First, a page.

Sunday, September 5, 2010

Arkham Sanitarium Postcard

Today we have a vintage painted color postcard of Arkham Sanitarium dating back to around 1920. This view shows the front approach to the sanitarium and the two immense United States flags that flew in front of the compound until August 26, 1924, when they were destroyed during a massive storm.*

This is one of the postcards that will be part of the Arkham Sanitarium prop package, but feel free to print out your own. The package itself is now in the home stretch and should be mailed out in approximately two weeks. I've received the funds from Amazon payments and will be sending out all the materials for production on Tuesday (Monday being the Labor Day holiday here in the US).

Just click through for the full sized graphics.

* A very real storm that ravaged the area where Arkham would be located. Winds up to 90 MPH knocked over trees, drove ships in harbor aground, and tore off roofs. The damage would have been even worse, but the storm peaked at low tide, sparing coastal areas from an overwhelming storm surge.


Raven said...

Integrating the real-history storm of 26 AUG 1924 into Arkham's (and the Sanitarium's) history is, to borrow the words of someone I respect greatly, "just the kind of real world/Mythos research that I most dearly love."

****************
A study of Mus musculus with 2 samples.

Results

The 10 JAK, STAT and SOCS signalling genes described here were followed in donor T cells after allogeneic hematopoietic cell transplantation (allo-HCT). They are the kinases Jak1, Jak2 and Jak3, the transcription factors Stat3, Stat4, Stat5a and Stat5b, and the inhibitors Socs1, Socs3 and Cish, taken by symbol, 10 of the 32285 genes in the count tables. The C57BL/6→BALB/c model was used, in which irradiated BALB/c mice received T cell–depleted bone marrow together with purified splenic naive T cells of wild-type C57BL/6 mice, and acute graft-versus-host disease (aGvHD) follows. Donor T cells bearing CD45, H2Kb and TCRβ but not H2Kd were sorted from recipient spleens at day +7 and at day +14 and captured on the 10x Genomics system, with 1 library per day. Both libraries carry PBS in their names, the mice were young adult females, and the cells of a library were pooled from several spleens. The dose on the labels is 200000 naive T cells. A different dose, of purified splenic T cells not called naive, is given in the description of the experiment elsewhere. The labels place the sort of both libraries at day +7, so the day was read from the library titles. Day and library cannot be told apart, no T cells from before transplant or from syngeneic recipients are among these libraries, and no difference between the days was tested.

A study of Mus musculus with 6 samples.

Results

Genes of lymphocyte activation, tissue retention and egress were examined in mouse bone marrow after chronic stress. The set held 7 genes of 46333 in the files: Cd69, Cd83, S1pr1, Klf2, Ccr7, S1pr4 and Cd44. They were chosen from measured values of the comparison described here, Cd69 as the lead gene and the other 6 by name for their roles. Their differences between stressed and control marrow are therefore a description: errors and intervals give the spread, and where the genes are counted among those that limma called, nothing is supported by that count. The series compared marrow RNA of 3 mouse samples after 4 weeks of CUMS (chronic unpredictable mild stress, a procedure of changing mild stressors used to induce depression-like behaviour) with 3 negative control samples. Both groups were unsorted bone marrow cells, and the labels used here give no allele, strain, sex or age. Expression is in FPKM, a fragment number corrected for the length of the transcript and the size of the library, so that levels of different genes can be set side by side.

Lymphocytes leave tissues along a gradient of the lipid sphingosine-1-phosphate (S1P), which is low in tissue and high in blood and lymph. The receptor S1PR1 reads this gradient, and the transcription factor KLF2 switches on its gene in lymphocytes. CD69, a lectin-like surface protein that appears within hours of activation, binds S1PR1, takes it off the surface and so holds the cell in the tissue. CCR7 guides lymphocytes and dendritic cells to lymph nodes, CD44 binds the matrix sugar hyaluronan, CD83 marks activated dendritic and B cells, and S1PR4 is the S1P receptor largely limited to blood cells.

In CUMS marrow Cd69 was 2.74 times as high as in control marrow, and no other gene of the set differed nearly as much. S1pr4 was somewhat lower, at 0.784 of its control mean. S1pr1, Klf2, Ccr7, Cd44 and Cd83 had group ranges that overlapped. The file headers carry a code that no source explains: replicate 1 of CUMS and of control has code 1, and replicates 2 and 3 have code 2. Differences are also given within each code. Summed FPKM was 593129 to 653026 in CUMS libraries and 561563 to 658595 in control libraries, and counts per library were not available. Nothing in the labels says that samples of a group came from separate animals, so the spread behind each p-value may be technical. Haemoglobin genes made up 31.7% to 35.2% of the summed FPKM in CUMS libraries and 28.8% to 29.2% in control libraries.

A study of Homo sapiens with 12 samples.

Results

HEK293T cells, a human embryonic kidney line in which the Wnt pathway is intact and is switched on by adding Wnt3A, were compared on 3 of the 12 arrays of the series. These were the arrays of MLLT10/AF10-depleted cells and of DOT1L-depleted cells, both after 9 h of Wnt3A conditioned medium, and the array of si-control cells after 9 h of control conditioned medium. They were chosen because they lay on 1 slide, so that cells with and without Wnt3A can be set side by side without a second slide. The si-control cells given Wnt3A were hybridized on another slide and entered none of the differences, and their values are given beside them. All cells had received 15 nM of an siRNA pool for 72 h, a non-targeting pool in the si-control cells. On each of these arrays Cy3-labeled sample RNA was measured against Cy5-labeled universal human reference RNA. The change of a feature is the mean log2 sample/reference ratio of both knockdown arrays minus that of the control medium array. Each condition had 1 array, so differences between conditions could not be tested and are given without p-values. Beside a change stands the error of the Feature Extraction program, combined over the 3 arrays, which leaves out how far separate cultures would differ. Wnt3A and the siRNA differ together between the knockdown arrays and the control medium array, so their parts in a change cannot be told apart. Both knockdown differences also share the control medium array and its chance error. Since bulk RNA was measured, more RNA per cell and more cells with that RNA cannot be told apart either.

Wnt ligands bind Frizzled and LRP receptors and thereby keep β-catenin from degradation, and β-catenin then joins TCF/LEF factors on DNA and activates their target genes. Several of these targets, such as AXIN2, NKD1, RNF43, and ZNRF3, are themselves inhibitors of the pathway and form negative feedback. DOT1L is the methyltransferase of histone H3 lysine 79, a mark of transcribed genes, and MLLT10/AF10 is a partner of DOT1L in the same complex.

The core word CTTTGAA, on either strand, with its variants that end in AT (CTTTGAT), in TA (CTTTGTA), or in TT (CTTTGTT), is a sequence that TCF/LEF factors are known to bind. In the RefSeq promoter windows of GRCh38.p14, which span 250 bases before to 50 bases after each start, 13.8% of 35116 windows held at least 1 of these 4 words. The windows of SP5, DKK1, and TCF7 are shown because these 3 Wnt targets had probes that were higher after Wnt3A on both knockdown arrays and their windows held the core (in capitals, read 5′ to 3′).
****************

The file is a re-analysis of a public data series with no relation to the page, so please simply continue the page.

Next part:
Propnomicon said...

@ Raven

Heh. I had a bit of a problem because of the two postcards in the package. The one from the early 20's had the giant flags while the one from the mid-20's didn't. Luckily, real history came to the rescue with a storm that fit perfectly into the fictional geography and timeline.

Raven said...

Proving the reality of your supposedly "fictitious" scenario....

[plays "Twilight Zone" theme]

This bit about inconvenient discrepancies that real history turns out to resolve for you -- reminds me of the back-and-forth debate about the Kensington Rune Stone. One of the early arguments for its falsity was that the language was simply so wrong it showed the ignorance of the modern forger, and on that modern scholars could agree.... but then scholarship advanced, and the Stone was found to match an old dialect that even the earlier scholars (and thus surely any forger) had never known about. *

[plays "Twilight Zone" theme again]

* See Robert A. Hall, Jr., The Kensington Rune-stone Is Genuine (1982).